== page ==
It must be exhausting working in the Colorado Secretary of State's office these days. The employees face an almost constant barrage of negative media coverage brought on by one of the most activist secretary in memory.
Just in the last month and a half, two district judges and legislative staff have handed the secretary of state some serious setbacks. Two different branches of government told him he was exceeding his authority for changing campaign finance disclosure rules. When he went to court to stop Denver Clerk & Recorder Debra Johnson from mailing ballots to inactive voters, the judge refused to stop the ballots from being mailed -- saying there was no harm in allowing those voters access to the ballot.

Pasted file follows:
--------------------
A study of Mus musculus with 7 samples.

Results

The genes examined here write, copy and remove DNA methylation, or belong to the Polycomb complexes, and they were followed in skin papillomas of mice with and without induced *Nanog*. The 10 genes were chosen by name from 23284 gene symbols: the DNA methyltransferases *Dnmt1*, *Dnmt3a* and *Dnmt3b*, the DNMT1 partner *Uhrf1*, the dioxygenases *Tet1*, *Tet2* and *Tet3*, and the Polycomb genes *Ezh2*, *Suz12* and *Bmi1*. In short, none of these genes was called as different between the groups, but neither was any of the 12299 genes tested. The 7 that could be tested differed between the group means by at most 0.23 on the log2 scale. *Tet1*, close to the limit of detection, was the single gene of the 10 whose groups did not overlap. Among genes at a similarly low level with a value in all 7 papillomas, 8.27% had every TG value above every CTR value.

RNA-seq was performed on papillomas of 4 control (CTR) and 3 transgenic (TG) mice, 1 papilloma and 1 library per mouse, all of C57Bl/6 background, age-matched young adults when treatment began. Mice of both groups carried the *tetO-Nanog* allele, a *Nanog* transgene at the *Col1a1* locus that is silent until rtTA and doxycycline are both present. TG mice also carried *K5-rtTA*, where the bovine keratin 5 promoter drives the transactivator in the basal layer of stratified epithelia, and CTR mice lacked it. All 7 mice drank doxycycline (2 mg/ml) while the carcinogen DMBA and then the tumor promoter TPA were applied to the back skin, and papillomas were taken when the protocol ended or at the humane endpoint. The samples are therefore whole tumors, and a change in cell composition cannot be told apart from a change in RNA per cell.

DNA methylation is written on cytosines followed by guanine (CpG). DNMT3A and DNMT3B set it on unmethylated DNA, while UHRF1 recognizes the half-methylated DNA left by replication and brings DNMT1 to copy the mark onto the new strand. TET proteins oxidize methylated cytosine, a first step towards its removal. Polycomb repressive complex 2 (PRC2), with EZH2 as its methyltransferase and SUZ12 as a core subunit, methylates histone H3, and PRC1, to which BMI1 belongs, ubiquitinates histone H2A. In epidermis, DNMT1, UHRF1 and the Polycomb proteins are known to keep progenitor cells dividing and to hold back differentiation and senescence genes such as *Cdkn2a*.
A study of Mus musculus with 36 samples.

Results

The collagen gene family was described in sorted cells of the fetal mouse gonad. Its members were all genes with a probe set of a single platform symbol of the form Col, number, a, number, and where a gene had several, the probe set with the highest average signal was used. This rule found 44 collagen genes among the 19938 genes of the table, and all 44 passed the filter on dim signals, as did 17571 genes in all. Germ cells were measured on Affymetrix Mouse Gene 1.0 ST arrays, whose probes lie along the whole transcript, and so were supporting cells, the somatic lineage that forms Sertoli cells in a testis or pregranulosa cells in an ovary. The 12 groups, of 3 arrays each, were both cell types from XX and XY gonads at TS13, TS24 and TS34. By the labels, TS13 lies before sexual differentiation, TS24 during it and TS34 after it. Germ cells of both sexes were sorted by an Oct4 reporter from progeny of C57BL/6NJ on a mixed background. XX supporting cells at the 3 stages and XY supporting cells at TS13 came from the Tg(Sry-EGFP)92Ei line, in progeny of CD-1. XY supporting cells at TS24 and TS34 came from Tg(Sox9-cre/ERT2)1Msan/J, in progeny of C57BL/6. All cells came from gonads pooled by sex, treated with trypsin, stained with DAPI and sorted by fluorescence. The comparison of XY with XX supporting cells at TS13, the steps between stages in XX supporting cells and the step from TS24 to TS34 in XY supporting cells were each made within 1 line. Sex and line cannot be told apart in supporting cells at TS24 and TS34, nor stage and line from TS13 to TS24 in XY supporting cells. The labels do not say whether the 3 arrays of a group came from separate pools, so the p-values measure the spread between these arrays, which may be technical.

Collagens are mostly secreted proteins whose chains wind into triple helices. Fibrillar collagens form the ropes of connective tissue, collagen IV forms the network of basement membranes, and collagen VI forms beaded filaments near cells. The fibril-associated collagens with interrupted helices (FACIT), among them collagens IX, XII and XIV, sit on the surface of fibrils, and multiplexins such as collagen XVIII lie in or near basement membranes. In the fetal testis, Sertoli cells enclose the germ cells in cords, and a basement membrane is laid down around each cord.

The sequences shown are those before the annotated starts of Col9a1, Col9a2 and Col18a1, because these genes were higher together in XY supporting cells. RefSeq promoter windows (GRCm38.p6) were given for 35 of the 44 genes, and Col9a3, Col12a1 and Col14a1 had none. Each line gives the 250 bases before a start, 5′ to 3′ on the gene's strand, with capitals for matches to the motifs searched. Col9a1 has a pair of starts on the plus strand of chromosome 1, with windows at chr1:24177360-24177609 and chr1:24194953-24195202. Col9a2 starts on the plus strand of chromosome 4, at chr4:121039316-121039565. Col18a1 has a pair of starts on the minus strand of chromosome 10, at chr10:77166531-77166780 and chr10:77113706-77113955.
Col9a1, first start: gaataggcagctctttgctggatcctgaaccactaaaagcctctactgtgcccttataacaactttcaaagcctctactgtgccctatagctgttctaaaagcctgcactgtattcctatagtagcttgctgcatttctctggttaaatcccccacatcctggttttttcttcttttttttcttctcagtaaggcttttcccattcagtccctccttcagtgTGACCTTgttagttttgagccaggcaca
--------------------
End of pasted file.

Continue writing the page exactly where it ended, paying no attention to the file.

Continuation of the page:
Earlier this fall, the secretary caused quite a dust-up when he fined the Larimer County GOP for failure to file campaign finance disclosure and then offered to help fundraise to pay the fine.
These are just the most recent issues surrounding the secretary of state, who has been in court or the media constantly since his election last November.
One can only imagine that the drama must be tiring for those who work in that office, employees who care about conducting fair and impartial elections. People who want to provide access to the ballot for everyone who is eligible rather than provide obstacle courses in front of the ballot box.
So it shouldn't be surprising that Deputy Secretary of State Bill Hobbs is retiring after 12 years. There's only so much a professional can take, it seems.
Hopefully, this will not be the beginning of a parade of employees heading for the door. Because we need fair-minded folks to mind the store. Colorado voters should be thankful that it's not just the courts and legislature that will keep our secretary of state honest - it's also the people who work for him.